Length: 256 Pages
‘A highly original, piercingly beautiful work, full of beautiful shocks… I felt like a door had been kicked open in my brain, which is just the kind of bracing experience you need at the start of the year’
-- Johanna Thomas-Corr, Observer
'I was reminded of John Berger's Ways of Seeing, enfolded in tender and exuberant personal narratives'
-- Claire-Louise Bennett
'This woman-guide, who goes from Lampedusa to The Doors with crushing elegance, is unforgettable'
-- Mariana Enriquez
A woman searches Buenos Aires for the paintings that are her inspiration and her refuge. Her life -- she is a young mother with a complicated family -- is sometimes overwhelming. But among the canvases, often little-known works in quiet rooms, she finds clarity and a sense of who she is . . .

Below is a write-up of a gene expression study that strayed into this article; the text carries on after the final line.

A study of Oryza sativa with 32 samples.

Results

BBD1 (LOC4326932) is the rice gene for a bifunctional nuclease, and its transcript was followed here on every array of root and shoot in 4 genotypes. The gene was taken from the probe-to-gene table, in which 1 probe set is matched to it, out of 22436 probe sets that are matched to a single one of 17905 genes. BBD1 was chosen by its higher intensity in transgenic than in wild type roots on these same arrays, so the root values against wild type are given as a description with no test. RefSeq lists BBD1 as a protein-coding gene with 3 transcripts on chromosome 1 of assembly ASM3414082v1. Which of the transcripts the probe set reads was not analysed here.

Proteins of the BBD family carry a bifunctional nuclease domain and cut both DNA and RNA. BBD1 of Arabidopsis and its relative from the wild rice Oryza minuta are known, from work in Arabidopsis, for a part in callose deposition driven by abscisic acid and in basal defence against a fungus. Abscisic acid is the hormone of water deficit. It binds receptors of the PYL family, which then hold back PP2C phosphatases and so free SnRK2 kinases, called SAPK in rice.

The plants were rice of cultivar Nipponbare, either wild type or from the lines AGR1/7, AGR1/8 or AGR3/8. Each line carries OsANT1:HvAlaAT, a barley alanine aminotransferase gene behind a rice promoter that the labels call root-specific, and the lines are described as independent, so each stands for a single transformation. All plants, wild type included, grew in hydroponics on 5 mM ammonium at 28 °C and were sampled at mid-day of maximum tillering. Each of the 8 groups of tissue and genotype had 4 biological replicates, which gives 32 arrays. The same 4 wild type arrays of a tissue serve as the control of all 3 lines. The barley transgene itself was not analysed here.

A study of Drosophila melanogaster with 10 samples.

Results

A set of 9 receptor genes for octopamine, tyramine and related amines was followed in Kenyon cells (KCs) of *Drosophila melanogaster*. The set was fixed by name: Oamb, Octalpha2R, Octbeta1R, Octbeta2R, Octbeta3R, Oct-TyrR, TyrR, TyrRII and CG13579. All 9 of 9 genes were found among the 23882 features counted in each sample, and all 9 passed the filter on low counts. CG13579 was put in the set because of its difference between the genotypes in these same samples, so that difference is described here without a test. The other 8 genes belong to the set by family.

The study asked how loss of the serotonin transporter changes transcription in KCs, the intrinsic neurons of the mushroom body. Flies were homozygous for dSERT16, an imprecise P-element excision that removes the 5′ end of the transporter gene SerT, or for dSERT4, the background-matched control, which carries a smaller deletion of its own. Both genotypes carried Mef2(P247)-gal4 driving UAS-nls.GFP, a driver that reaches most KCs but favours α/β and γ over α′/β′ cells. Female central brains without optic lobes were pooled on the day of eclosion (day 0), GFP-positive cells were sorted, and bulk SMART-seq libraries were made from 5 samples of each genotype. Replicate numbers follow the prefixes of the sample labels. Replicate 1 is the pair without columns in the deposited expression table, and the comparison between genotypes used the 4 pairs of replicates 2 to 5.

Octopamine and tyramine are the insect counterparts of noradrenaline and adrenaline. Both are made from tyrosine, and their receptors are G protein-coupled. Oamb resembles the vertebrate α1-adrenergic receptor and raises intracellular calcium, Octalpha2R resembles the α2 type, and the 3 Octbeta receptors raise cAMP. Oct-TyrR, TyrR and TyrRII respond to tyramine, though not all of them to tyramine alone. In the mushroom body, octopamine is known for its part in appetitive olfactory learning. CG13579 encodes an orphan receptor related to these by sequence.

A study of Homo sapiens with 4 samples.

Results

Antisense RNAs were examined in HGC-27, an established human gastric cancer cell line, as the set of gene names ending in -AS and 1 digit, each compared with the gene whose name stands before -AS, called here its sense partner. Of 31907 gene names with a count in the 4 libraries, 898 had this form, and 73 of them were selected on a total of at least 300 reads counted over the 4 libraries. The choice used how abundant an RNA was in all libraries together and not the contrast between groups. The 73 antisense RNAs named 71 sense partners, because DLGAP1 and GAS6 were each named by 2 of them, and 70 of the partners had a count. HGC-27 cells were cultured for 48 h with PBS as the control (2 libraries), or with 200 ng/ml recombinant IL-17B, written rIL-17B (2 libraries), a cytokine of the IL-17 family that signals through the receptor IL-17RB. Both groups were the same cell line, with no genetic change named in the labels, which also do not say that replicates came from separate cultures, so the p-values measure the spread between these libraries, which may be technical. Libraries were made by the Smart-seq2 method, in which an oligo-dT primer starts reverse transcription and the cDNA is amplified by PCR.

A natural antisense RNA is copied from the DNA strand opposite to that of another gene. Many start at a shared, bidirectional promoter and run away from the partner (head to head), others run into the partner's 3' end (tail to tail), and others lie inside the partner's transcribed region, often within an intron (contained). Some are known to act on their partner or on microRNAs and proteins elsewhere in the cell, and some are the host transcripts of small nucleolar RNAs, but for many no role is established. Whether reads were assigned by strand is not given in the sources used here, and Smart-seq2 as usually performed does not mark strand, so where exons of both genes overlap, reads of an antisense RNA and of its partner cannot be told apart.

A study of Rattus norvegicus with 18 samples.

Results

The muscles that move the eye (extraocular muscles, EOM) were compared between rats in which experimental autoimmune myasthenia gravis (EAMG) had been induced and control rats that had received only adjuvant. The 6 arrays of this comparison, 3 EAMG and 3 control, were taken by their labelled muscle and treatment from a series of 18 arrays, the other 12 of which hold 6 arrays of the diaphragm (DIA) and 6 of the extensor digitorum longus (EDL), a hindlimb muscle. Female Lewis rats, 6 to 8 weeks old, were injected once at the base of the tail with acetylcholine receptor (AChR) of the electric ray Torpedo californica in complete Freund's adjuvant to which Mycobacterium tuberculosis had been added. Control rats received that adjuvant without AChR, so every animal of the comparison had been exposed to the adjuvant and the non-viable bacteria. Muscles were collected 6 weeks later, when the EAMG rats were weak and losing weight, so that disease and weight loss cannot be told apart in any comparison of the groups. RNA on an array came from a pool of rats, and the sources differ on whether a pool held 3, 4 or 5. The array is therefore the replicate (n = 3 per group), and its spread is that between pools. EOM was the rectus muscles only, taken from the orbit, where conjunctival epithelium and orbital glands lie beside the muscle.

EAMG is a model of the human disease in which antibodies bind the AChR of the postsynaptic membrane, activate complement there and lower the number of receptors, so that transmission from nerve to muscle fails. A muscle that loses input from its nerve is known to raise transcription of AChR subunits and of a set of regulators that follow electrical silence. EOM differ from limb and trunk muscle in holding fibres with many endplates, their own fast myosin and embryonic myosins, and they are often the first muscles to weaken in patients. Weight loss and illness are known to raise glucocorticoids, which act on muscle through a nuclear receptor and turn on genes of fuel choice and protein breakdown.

'A dazzling combination of memoir, fiction and art book, like nothing you’ve ever read before’ Elle
ELLE ONE TO WATCH
Length: 256 Pages
"I was reminded of Berger's Ways of Seeing, enfolded in tender and exuberant personal narratives - it's so sophisticated and fascinating, yet has a Calvinoesque light touch; all the textures and nuances come through without labour. Rigorous and mercurial."
"The prose, in Thomas Bunstead’s translation, is restrained, funny, by turns (and at once) luminous and melancholy… We are left with a profound inquiry into the place and function of art… as remembrance, as joy and consolation, as meaning, as refuge"
"A highly original, piercingly beautiful work, a book you’ll want to savour… Gainza is a writer who feels immediately important"
"Quietly revelatory, and often fascinatingly so"
"When reading The Optic Nerve, works of art are like songs: they carry the excitement and mystery you feel when you stumble upon them. This is the stunning, lucid debut of a writer who finds gold in the most forgotten folds of experience."